Published: Thu, November 14, 2013 @ 12:05 a.m.

By GUY D’ASTOLFO

dastolfo@vindy.com

YOUNGSTOWN

Opera Western Reserve first staged “La Boheme” in 2005, when the company was still in its infancy.

On Friday, a more-seasoned OWR will revisit the Puccini classic, and audiences should notice a difference.

“We are a different company now, more advanced in our production,” said David Vosburgh, who has been production director of OWR since it began in 2004.

“This is one of the strongest casts we’ve ever fielded,” he said of this year’s presentation. “We have wonderful singing actors. They sing beautifully and portray their characters realistically and touchingly.”

Vosburgh was referring to soprano Marian Vogel and tenor Alex Richardson, who will sing the roles of the lovers Mimi and Rodolfo, the central characters.

“They look like their roles, and they look and sound young and very much in love,” said Vosburgh.

Vogel and Richardson are no strangers to OWR — or each other. The duo last teamed up at OWR for “Tosca” in 2011. Vogel sang the title role of Tosca, while Richardson sang Cavaradossi, her lover.

Vogel has been recognized as a gifted performer both on the concert and operatic stage. She debuted in Carnegie Hall under the baton of composer/conductor John Rutter, performing both the Mozart “Requiem” and Rutter’s “Magnificat.”

Vogel also has performed with the Cleveland Orchestra at Severance Hall and made frequent appearances with Cleveland Opera.

A graduate of the University of Cincinnati, College-Conservatory of Music, she has toured extensively as a soloist in the United States and Europe.

Richardson, also very experienced, possesses a vibrant presence of sound. As a former Fellow at the Tanglewood Institute, he sang the role of Vogelgesang in Wagner’s “Die Meistersinger von Nurnberg” under the baton of Maestro James Levine.

In past seasons, Richardson has debuted with Toledo Opera as Scaramuccio in “Ariadne auf Naxos” and was presented in concerts in Florida with Dicapo Opera.

Richardson holds degrees from the University of Colorado and the Manhattan School of Music.

Also returning are baritones Michael Young, who is a Warren native, as Marcello; and Jason Budd, a Hubbard native, as Colline.

Making their OWR debuts will be Lauren Frey as Musetta and Joel Herold as Schaunard. Robert Pierce, OWR’s Young Artists team leader, will sing the combined roles of Benoit and Alcindoro. Patrick Niess is Parpignol.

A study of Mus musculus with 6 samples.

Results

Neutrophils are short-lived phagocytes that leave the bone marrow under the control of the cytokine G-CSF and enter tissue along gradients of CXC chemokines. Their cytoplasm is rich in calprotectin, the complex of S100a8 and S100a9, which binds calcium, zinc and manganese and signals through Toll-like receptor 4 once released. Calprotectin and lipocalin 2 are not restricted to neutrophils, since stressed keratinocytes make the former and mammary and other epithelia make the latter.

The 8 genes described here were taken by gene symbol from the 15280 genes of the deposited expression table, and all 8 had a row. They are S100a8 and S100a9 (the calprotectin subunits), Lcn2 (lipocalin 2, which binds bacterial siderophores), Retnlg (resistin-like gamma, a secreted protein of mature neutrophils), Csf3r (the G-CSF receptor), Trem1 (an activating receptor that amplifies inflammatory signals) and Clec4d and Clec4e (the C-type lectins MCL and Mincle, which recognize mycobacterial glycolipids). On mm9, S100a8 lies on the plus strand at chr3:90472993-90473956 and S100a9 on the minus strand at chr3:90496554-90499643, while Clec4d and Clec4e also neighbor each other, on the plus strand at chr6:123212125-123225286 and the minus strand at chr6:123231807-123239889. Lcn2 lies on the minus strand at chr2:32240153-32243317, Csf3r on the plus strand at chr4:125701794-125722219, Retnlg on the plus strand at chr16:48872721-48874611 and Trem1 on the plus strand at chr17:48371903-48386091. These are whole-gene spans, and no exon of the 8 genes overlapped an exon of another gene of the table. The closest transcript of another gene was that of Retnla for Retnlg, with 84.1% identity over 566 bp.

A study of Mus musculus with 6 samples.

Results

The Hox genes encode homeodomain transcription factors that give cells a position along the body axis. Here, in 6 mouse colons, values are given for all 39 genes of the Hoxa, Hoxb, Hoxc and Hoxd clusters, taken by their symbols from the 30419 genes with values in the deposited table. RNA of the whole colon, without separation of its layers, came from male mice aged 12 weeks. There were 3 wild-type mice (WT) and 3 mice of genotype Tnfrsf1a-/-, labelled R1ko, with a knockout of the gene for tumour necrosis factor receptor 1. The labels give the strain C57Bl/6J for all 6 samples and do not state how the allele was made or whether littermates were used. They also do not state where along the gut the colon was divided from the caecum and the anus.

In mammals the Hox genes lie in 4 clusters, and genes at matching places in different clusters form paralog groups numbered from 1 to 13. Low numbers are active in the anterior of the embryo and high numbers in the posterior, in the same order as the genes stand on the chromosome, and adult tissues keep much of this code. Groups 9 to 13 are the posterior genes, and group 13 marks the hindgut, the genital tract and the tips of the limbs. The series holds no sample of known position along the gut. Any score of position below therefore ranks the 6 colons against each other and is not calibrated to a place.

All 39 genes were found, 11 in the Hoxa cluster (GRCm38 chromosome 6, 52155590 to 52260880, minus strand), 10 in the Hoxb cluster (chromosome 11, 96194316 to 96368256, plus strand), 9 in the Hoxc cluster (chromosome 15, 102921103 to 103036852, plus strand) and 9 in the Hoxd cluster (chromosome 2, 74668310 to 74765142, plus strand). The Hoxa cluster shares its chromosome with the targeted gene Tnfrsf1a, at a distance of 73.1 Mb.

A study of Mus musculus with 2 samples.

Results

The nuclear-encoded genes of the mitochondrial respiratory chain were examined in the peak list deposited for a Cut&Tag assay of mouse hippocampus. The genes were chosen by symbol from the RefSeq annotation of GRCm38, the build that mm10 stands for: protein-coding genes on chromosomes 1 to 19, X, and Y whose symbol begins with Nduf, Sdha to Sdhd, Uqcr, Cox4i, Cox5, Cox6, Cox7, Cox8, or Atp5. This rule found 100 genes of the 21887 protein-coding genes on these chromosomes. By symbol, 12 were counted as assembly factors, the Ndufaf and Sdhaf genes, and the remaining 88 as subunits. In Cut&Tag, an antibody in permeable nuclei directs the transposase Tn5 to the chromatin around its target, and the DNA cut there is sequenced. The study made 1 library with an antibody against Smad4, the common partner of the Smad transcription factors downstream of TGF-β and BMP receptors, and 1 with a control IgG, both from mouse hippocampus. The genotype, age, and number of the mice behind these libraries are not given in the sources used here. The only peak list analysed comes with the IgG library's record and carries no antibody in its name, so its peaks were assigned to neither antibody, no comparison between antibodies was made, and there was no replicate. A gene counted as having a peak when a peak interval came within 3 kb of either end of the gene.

The opera will be sung in the original Italian with English supertitles.

The orchestra, as always, will be led by music director Susan Davenny Wyner, who is also the conductor of the Warren Philharmonic. Stage direction and scenic design is in the hands of Vosburgh, while Dana School of Music professor Hae-Jong Lee is chorus master.

Costumes have been created by Barbara Luce, with hair and makeup design by Linda Leith and Robert Matthews.

For the first time, OWR has associate artists covering the main roles: William Andrews (Rodolfo), James Binion (Schaunard/Colline), Rhea Olivacce (Mimi/Musetta) and John Watson (Marcello).

“We’re not working without a net anymore,” said Vosburgh.

“La Boheme” is set in 1840s Paris and centers around a group of young Bohemians.

“It is the most beloved of all the operas, the most performed and most popular,” said Vosburgh.

It is also, of course, the story on which the enduring Broadway musical “Rent” is based.

“Rent” has developed a youthful legion of followers since it premiered on Broadway in 1996, and OWR took advantage of this fact in its education and outreach programs.

Several weeks ago, the company performed parallel scenes from “Rent” and “La Boheme” for middle- and high-school students in the Poland school district.

“Students could see both casts, but 100 years apart and by different composers,” said Vosburgh.

The program might have been eye-opening for the students.

“We introduced school children to what opera sounds like,” said Vosburgh. “It’s so different to them. It’s emotional and visceral, and it’s different for them to witness a live performance and not on a little screen, like they are used to.”